This is something I've thought about for some time now. I'm not saying that any of this is new; other people have probably said what I am about to say before. But these are my own thoughts and I'm noding them as food for your thoughts. Okay, here goes.

Organizations do not exist. No, they don't really exist in the physical sense. The people who make up an organization exist, assets owned/used by the people in the name of the organization exist, but the organization itself is just an abstraction, a social convention. Since the concept of organizations often is a useful one we accept it as reality but tend to forget that it doesn't really exist outside our own heads.

This way of thinking can be extended to countries as well, for what exactly is a country if not a large organization? If we accept that thought it becomes clear that countries do not really exist either, they too are just social conventions. The 'United States of America' does not really exist, 'Europe' does not really exist, 'Japan' does not really exist. Not in the same way as the chair I'm sitting in while typing this exists. The chair is real in a physical sense, but 'Europe' is a notion shared by billions of people because it is a convenient abstraction.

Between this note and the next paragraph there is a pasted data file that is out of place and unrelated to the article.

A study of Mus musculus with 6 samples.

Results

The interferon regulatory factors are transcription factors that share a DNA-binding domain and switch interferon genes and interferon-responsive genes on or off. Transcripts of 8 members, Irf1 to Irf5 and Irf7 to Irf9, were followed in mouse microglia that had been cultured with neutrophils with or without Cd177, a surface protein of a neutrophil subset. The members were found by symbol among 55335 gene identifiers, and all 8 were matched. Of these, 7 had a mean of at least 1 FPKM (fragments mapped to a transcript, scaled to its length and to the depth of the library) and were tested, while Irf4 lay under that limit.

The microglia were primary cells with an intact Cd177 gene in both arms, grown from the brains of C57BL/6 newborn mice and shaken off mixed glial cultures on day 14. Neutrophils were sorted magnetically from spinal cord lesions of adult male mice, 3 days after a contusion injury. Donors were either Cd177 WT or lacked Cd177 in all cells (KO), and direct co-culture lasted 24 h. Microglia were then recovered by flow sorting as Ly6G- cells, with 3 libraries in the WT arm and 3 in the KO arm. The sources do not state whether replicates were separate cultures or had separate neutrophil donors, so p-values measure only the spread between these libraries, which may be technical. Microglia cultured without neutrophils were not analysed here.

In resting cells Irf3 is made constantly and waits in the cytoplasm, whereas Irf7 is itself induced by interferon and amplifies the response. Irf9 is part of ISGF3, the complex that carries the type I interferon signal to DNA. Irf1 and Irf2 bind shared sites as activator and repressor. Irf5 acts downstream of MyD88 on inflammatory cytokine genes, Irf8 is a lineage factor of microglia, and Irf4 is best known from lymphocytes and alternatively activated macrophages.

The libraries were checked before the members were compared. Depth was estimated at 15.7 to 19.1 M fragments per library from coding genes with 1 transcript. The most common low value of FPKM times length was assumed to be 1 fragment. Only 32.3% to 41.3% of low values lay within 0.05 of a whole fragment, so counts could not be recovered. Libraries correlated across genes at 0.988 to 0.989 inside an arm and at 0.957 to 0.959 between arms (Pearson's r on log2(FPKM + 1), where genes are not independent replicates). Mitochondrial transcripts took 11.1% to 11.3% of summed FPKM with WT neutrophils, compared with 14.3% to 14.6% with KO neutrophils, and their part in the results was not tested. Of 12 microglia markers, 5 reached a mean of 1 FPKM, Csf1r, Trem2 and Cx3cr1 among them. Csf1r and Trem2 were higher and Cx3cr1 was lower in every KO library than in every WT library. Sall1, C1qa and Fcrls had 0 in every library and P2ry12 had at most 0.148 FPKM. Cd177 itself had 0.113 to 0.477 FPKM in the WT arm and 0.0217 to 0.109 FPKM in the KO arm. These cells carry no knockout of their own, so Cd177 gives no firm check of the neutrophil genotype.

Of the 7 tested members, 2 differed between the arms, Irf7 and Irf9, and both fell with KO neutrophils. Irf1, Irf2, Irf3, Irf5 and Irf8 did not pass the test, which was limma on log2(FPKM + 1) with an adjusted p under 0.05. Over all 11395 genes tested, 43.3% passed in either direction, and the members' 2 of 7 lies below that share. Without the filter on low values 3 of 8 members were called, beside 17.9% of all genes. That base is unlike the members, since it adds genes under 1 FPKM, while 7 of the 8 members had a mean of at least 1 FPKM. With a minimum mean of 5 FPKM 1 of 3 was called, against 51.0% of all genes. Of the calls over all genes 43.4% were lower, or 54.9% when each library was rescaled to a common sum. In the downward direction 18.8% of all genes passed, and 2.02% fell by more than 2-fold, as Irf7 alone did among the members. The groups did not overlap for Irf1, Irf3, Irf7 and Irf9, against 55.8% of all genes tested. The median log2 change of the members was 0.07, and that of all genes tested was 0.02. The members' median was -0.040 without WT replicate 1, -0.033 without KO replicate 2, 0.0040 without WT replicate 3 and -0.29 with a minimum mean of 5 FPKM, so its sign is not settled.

From this follows that war is impossible, for how can there be wars if there are no countries to wage them? Uniforms exist (it would be futile to deny that), people (mostly men) who wear these uniforms exist, and people wearing uniforms tend to do terrible things to other people. Why? Because they accept the concept of 'countries' as real, instead of seeing it as merely a convention one can abandon when it outlives its usefulness. They do not have to take personal responsibility for their actions, because those actions are committed in the name of a 'higher cause', and responsibility is transferred to the shared social convention behind that cause.

Sometimes, abstraction is your enemy.